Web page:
Zvi Schreiber was managing an electronics company several years ago when he discovered the fractured, frustrating industry of international freight shipping.
While internet-based platforms that centralize data have transformed myriad services such as travel booking and ride hailing, global logistics has stubbornly resisted this revolution. Figuring out how to get a product from an overseas factory through a supply chain that includes multiple ports, ships and trucks to a store thousands of miles away remains a slow, maddening experience.
Freightos, based in Israel, is trying to drag the $19-trillion logistics industry out of the dark ages by offering technology and a platform that make shipping a product around the world as easy as hailing an Uber.
“The challenge is the culture,” Schreiber said. “It’s a very old industry, and largely a family owned industry. And it’s a very conservative culture.”
It’s a daunting challenge, for sure. Yet Freightos, established in 2012, is working in a changing environment where companies are starting to realize that upstarts like Amazon and Chinese e-commerce giant Alibaba are encroaching on their territory.
Amazon registered as a “freight forwarder” in 2015, meaning that it is licensed to help partners navigate many of the regulatory and logistical issues around international shipping. In the U.S., Amazon is conducting trials of services that touch on other parts of the logistics chain, including Amazon Flex, an on-demand delivery service, a fleet of planes known as Amazon Air and Business Prime Shipping for deliveries between companies.
Meanwhile in China, Alibaba owns Lazada, a logistics company that is building its own network of warehouses and transportation to circumvent the established shippers and accelerate delivery of products across Asia.
And this doesn’t even include the numerous startups like Uber and Tesla with their trucks that want to grab segments of logistics. Or new potential modes of delivery such as drones.
In this environment, sending faxes and making phone calls aren’t going to cut it in the face of these disruptive companies that have developed superior back-end technology.
Logistics remains a messy industry. Freightos’ latest quarterly survey of the global freight economy found that 75 percent of all shipments arrive late. Each individual shipment can take hours to manage. Getting pricing estimates for shipping cargo can take several days.
Enter Schreiber, a serial entrepreneur who had founded and sold several startups, including Lightech, Unicorn Solutions and G.ho.st. In 2012, Schreiber saw a vast system that was disconnected, hampered by poor technology and communication, and divided by corporate structures that often operated in each company as independent silos. His goal was to create a simple online platform that allowed someone to book a shipment in a few clicks.
But what he quickly realized was that the logistics industry wasn’t ready for that. Many back-end systems were so antiquated that companies had to email in spreadsheets, which had to be constantly updated by hand, with pricing, routes and availability. Schreiber decided instead to focus on first trying to automate the technology that shipping companies were using internally.
In 2013, Freightos launched AcceleRate, a cloud-based service that logistics companies could use to begin centralizing information about freight pricing and routes to offer greater efficiency as well as analytics. One of the first customers was Hellmann Worldwide Logistics. The service was a hit, and soon other customers followed.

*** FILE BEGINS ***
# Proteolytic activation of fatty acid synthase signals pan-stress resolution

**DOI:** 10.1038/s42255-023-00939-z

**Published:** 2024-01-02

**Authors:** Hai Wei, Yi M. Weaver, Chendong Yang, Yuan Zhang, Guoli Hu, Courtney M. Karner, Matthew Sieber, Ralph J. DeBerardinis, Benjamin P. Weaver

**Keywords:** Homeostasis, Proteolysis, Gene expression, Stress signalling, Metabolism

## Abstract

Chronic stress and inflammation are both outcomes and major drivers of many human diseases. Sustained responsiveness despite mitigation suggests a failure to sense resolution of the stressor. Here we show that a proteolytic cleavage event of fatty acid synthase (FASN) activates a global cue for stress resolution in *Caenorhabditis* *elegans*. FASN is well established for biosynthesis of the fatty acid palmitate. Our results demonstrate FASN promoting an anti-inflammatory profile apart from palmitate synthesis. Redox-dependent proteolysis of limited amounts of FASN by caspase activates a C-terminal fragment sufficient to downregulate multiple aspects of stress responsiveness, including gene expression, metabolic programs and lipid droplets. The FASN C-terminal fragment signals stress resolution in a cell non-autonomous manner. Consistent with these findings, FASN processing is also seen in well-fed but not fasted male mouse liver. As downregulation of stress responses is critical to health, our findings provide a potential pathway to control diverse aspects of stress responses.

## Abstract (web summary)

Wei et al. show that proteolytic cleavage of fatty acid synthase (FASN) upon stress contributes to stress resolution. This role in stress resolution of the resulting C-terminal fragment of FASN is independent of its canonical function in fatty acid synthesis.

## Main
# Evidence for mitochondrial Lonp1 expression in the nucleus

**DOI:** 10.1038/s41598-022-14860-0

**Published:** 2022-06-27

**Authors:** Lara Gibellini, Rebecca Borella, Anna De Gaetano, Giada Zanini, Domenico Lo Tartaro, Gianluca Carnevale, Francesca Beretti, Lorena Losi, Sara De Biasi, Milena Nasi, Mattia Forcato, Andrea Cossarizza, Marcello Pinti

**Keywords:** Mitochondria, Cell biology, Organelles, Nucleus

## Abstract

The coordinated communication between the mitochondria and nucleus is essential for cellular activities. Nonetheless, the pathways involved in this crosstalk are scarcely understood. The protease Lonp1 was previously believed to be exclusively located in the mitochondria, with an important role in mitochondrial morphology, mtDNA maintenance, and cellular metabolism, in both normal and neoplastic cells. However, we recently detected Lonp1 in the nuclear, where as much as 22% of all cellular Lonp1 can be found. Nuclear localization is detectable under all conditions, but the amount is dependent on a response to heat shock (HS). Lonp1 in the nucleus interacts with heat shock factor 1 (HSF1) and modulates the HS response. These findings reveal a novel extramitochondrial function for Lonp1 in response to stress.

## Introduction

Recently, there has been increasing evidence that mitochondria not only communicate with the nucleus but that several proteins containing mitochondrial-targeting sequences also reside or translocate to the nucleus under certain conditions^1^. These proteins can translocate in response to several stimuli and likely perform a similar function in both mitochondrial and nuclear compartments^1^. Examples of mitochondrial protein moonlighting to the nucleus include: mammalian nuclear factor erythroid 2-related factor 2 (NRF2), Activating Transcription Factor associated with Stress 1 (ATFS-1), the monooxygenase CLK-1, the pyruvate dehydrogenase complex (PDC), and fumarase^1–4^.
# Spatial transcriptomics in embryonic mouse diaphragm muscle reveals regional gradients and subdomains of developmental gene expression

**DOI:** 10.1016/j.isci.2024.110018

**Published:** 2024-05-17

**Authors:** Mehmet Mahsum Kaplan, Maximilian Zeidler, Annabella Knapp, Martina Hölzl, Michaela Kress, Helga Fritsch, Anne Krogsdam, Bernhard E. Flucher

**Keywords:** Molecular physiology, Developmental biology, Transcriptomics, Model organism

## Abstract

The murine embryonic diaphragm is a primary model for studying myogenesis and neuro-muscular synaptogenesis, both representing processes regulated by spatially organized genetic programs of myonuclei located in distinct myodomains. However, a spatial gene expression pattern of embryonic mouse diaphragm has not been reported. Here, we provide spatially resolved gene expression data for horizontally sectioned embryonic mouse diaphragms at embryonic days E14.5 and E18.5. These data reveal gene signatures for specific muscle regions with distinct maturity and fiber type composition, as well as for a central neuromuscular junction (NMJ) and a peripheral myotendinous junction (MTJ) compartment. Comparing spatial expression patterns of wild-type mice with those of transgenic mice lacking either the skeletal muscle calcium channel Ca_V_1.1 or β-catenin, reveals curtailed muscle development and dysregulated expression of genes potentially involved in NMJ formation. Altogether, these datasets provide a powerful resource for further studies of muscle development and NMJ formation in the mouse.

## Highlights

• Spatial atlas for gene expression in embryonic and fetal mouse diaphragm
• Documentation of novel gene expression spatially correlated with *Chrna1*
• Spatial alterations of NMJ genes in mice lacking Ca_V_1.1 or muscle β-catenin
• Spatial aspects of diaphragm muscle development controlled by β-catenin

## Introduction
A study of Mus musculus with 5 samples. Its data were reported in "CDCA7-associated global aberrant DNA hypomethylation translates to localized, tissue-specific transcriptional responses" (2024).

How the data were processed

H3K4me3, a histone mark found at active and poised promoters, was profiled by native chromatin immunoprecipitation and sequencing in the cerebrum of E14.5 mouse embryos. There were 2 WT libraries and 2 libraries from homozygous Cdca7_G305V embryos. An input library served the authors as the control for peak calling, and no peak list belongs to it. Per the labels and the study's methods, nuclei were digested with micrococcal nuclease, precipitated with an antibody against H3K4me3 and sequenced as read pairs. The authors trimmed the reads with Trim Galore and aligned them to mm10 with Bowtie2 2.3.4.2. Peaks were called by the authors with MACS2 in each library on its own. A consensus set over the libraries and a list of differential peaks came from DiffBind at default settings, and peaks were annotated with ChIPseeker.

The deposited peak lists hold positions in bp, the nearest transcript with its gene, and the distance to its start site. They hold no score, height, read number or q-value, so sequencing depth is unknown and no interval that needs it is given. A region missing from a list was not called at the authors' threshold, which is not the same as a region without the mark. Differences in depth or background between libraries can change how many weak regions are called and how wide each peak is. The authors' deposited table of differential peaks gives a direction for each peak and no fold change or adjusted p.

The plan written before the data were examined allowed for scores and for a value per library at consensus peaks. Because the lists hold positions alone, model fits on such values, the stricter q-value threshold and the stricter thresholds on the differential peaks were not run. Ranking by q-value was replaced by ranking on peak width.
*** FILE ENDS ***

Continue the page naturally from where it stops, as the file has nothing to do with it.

With enough customers adopting the service, Freightos in 2016 launched its marketplace. By centralizing the automated data now being collected by various logistics company, the marketplace lets customers receive a quote and book a shipment in just a few minutes. The speed and the transparency the system offers gives customers greater confidence in placing an order, which in turns leads to more orders for its logistics partners, Schreiber said.
Freightos sells the cloud-based management service under a subscription plan, and it collects a small fee from any transaction booked on its platform.
“A few years ago, if you wanted something important shipped from China to Paris, you might wait three days for a price quote,” he said. “Publishing their rates on our site was a big shift for these companies. But by doing that, they’re taking the prices that have been secret and making this more transparent.”
Schreiber proved prescient because as he’s built Freightos, the venture capital industry has grown increasingly focused on the markets that touch on transportation. Logistics has become a particular area of interest, with Seattle-based Convoy having raised $80.5 million as it seeks to build out its own on-demand shipping platform. Freightos has now raised $55.9 million in venture capital, including a round last year that was led by GE Ventures.
What excites those investors, and Schreiber as well, is the potential economic impact if the transport of goods is revolutionized.
Whether that’s by futuristic technologies like autonomous vehicles, or simply wringing out inefficiencies and accelerating existing modes of shipping goods, such advances eliminate middle men, allow companies to optimize inventory and allow them to rethink manufacturing cycles that often still need to be mapped out a year in advance.
The result, if this all jells, could be reduced costs of goods and a more flexible system that can change more often.
“The venture awareness of the whole logistics industry has increased in the last two to three years,” Schreiber said. “I was lucky, as I was a serial entrepreneur. If I personally didn’t have a track record, I couldn’t have raised money when we first started. Now it’s different because venture capitalists have discovered this trillion-dollar industry that’s ripe for disruption.”